At the base, personal injury cases generally involve the negligence of one party causing harm to another party. If the injured party can prove that negligence, then they may be able to recover compensation from the negligent party to pay for their medical bills and other expenses that arose as a result of the accident.
Although injury and property damage are the standard expenses that are present in personal injury cases, there are other damages — punitive damages — which can be recovered by the injured party in cases of extreme negligence and malice.
What are Punitive Damages?
The general purpose of a personal injury claim is to recover damages: Money was lost because of someone’s negligence, so that negligent party must pay that money back. Punitive damages differ because they are meant as a consequence of the negligence, rather than compensation for expenses. They are similar to a fine, but are still an element of civil proceedings.
Conditions for Recovering Punitive Damages
The term “negligence” in a personal injury case can apply to many different behaviors, including forgetfulness, ignoring laws, or doing something that is known to be dangerous. The payment of punitive damages is rare because an injured party must prove that their harm is a result of negligence well beyond the typical definition, or an act of malice in which the harm was intentional. To receive punitive damages, an injury victim must be able to prove that the person who harmed them acted purposefully, or it must be decided that the negligence was so great that compensation is not sufficient amends for their actions.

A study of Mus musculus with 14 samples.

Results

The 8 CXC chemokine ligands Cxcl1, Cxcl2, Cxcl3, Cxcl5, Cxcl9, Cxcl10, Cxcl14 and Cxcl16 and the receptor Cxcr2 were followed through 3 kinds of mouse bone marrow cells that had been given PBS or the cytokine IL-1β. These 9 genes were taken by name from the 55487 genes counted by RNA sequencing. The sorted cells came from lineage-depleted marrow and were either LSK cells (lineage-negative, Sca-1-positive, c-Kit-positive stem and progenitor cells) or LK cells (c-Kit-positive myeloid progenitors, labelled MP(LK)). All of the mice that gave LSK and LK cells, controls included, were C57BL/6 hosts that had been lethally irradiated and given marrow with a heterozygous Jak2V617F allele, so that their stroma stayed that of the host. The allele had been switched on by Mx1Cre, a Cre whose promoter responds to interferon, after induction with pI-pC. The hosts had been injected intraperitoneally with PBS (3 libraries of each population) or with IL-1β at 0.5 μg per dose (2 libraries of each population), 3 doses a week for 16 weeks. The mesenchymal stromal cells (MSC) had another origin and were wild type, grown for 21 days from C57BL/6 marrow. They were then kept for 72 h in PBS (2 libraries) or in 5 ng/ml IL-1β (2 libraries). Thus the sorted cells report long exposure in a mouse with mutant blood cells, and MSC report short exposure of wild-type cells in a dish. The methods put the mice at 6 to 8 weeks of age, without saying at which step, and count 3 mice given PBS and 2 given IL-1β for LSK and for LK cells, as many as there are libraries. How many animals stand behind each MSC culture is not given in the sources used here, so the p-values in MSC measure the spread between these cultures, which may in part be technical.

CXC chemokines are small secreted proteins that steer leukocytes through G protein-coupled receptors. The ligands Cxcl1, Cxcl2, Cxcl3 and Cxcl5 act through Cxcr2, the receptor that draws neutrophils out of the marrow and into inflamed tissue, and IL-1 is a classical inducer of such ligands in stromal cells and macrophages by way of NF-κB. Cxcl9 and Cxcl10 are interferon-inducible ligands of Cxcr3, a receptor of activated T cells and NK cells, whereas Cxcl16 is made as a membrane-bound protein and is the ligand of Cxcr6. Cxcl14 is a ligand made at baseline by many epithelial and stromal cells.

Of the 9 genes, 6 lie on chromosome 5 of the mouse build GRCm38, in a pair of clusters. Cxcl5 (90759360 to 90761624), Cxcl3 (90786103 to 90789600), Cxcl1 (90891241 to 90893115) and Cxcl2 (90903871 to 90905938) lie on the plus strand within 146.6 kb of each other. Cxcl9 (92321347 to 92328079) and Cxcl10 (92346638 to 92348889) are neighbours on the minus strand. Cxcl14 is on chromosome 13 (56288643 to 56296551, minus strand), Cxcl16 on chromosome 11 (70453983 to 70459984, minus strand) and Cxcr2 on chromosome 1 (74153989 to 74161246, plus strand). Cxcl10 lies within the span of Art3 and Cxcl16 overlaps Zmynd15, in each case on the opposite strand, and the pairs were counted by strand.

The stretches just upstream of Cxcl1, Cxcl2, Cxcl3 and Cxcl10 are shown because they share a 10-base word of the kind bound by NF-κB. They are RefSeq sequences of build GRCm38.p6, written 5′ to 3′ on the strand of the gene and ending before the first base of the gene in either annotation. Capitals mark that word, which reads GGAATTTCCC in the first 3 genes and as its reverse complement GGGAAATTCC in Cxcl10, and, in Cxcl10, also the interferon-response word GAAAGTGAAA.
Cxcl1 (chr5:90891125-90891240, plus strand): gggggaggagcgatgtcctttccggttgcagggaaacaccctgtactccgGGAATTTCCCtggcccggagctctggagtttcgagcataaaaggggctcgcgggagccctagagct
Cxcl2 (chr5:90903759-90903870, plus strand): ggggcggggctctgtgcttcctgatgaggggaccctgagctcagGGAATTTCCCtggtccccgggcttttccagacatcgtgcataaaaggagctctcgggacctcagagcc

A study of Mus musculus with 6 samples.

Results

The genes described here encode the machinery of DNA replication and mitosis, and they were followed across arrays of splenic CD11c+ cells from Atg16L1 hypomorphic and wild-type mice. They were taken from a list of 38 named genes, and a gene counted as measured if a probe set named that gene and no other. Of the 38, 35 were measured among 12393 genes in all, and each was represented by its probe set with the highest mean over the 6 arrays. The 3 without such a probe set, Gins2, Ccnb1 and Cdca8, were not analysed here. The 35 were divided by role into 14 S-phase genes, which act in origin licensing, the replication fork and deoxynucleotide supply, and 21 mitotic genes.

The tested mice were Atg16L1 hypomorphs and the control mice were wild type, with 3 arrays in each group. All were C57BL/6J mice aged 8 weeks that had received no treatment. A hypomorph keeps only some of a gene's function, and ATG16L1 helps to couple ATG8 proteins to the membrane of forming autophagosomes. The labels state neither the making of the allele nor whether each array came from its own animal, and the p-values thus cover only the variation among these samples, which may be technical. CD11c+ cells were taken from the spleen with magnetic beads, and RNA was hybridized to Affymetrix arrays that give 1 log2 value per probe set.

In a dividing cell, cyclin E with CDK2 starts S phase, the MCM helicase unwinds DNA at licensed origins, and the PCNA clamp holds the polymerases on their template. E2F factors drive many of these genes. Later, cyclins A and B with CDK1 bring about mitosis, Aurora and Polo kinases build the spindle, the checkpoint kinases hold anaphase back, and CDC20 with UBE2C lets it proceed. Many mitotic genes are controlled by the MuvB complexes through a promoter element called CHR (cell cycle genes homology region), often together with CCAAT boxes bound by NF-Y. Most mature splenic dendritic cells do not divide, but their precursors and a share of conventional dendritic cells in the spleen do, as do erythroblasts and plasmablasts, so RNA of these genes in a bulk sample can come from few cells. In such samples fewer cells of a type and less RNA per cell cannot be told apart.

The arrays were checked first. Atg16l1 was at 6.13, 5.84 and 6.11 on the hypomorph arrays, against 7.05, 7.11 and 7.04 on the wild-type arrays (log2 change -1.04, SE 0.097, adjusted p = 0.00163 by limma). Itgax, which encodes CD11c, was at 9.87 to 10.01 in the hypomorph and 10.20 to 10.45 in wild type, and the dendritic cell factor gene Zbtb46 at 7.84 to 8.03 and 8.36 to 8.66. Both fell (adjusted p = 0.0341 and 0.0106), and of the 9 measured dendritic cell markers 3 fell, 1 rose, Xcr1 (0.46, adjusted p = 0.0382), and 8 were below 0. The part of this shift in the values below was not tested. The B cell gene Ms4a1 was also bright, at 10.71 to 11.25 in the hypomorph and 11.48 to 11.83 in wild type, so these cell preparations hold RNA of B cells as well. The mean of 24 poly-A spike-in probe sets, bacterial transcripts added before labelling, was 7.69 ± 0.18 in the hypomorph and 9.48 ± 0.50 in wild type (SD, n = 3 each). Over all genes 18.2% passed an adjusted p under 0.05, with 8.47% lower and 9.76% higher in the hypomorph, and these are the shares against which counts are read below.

How Do I Know if Punitive Damages are Appropriate in my Case?
Punitive damages are not usually awarded unless substantial evidence of malice or gross negligence is provided. This type of damages are complex because they exist in a kind of “gray area,” in which the definition of when their administration is appropriate is up to interpretation. For insight into your injury case, contact McHargue & Jones, LLC.
We offer free consultations to discuss the details of your claim. Contact our attorneys through our information form or by calling (312) 487-2461.